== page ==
TNB Night Owl – There Is No Game

Screenshot showing typical gameplay of Desert Bus from Penn & Teller's Smoke and Mirrors for the Sega CD. Image capture by TNB.

There are different categories for video games; there are platformers, shooters, driving games, role-playing games, and more. Among the most popular forms has historically been the puzzle game, where players are required to solve a series of mental challenges before progressing through the storyline. These were especially prominent in the early days of home computers, where limited graphics and speed placed hard borders on reflex-oriented games. There were few such constraints on puzzles.

This led to a glut of puzzle games on the market, and developers sought ways to make themselves distinctive. Some did so by including easter eggs, others by incorporating potentially disturbing content, or by providing particularly deceptive options (Return to Zork, for example, offered the option of discarding a plant found at the game’s beginning. If it was discarded, the game could not be properly completed… something the player was unlikely to discover until they’d already played for more than a dozen hours.)

An early entry into the distinctive puzzle game series was Hacker, where few instructions were made available to the player… they were expected to decipher the purpose of the game as they went along. A similar experience was provided by Myst, which upped the ante with lush graphics (for the time) for the player to enjoy while they tried to figure out what was happening.

It is in that general vein that There Is No Game was created.

It’s a small puzzle game, available for free on Steam (as well as on various ad-heavy sites for those who feel uncomfortable loading software onto their computer, even from the most prominent online game platform.) It is an entertaining small puzzle game, even if it insists otherwise. Every step forward is either intuitive or has verbal hints provided by the program. There are references to other successful games, whether they be Portal or Goat Simulator. It was a massive hit, and then it faded. Unfortunately, there are only a few minutes of content with limited replay value. Once people had experienced the novelty, interest flagged.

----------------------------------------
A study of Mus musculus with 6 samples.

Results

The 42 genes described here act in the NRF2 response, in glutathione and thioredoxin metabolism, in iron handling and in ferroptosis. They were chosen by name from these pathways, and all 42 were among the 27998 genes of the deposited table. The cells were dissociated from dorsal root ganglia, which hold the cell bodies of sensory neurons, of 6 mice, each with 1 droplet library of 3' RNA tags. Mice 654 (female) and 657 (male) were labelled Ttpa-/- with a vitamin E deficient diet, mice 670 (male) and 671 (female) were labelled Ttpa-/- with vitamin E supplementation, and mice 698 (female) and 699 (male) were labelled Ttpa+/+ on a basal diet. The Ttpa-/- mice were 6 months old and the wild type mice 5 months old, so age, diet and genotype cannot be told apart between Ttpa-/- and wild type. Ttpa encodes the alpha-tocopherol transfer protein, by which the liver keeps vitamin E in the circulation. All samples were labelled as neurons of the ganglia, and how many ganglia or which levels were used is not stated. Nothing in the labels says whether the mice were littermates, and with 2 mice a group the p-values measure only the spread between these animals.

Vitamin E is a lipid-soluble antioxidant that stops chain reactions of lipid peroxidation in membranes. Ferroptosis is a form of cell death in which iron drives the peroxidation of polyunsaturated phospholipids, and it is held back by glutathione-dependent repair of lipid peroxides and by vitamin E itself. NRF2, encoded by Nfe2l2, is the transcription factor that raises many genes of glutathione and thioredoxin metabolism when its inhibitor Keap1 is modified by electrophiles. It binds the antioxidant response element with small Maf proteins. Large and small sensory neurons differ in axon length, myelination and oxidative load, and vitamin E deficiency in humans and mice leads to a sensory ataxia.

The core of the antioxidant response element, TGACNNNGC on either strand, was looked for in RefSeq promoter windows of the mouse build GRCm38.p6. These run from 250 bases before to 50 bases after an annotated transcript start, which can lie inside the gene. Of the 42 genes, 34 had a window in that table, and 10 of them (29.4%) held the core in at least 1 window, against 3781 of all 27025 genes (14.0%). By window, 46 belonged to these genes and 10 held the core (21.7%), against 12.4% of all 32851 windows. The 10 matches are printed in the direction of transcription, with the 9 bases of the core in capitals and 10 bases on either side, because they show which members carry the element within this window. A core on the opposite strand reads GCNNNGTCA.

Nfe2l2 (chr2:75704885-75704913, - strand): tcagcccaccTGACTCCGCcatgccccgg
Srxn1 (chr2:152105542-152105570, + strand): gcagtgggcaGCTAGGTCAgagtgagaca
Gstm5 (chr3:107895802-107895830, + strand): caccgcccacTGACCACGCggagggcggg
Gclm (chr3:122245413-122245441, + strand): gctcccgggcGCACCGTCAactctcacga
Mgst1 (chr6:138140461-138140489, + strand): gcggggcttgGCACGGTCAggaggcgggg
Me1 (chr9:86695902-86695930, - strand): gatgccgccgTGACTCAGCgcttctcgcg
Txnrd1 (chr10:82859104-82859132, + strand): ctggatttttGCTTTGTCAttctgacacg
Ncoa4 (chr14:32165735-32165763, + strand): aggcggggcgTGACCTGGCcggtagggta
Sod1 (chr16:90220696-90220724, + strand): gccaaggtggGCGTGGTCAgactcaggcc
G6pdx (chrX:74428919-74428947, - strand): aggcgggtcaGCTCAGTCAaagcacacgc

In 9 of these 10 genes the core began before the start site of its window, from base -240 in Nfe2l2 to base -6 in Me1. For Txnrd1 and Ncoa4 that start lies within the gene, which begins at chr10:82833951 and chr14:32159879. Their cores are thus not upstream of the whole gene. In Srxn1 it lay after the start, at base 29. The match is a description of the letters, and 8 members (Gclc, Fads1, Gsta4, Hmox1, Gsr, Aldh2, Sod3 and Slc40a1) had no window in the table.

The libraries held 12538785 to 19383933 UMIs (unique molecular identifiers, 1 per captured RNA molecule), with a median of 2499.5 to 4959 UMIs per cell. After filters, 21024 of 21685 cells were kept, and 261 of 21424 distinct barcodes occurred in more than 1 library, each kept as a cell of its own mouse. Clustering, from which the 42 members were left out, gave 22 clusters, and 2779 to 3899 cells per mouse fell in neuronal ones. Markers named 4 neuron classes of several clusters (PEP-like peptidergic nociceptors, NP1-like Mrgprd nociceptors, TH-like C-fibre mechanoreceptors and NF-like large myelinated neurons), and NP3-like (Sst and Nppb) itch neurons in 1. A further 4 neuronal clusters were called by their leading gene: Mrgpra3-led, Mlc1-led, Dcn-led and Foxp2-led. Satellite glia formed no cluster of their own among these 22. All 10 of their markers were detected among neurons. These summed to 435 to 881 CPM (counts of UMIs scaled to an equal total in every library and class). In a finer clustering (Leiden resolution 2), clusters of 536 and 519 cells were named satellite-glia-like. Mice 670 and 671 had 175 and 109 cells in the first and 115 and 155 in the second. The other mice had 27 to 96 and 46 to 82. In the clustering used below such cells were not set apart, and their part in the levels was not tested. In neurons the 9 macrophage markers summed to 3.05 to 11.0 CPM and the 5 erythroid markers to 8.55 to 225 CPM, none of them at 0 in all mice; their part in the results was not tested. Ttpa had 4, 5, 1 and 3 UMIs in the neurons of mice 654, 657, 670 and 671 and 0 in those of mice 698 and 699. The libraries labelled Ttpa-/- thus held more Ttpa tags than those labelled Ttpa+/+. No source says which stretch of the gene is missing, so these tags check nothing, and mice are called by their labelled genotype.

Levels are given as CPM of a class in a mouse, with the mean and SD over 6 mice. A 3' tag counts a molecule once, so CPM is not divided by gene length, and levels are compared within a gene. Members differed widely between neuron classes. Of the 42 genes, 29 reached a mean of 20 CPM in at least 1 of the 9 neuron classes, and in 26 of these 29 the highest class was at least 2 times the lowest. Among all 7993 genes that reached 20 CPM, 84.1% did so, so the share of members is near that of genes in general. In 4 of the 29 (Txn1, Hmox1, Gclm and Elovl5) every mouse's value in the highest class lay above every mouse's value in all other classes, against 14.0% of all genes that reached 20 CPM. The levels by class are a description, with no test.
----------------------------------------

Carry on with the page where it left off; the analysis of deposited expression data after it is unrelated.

If you don’t want to play it, here’s a playthrough from Youtube. If you do want to play, don’t watch it, go download it and give yourself an entertaining twelve minutes.

In 2016, the creator, pleased by the overwhelmingly positive response to his bit of playfulness, initiated a Kickstarter campaign to fund a full-length sequel.

The Kickstarter went nowhere, as few people heard about his effort until long after the campaign had ended.

At that point, the game creator was crestfallen, but undeterred. He resolved to finish the sequel game anyway, but in his spare time and with his own funds. It would have been helpful to be able to dedicate his full attention to the project, but he would persevere.

In 2020, he demonstrated the value of will. Under his new company name of Draw Me A Pixel, creator Pascal Cammisotto and a handful of his friends managed to complete what came to be called There Is No Game: Wrong Dimension. While the global pandemic stopped other projects in their tracks, Cammisotto and his friends had been working remotely the entire time; lack of funds for a studio had forced them to do their respective parts on their home systems and coordinate over the internet.

There Is No Game: Wrong Dimension became a cult hit, resulting in effusive praise and significant remuneration for the creator and his friends. It’s been available on Steam, the Apple app store and Google Play, running anywhere from $5 to $13 and providing a little over three hours of solid gameplay – despite not being, it continues to insist, a game. But it was a bit of contemporary oddity for the Night Owl.

Question of the night: Were there any games and puzzles (video or otherwise) that provided entertainment for you during the pandemic year?

Ex-Navy Reactor Operator turned bookseller. Father of an amazing girl and husband to an amazing wife. Tired of willful political blindness, but never tired of politics. Hopeful for the future.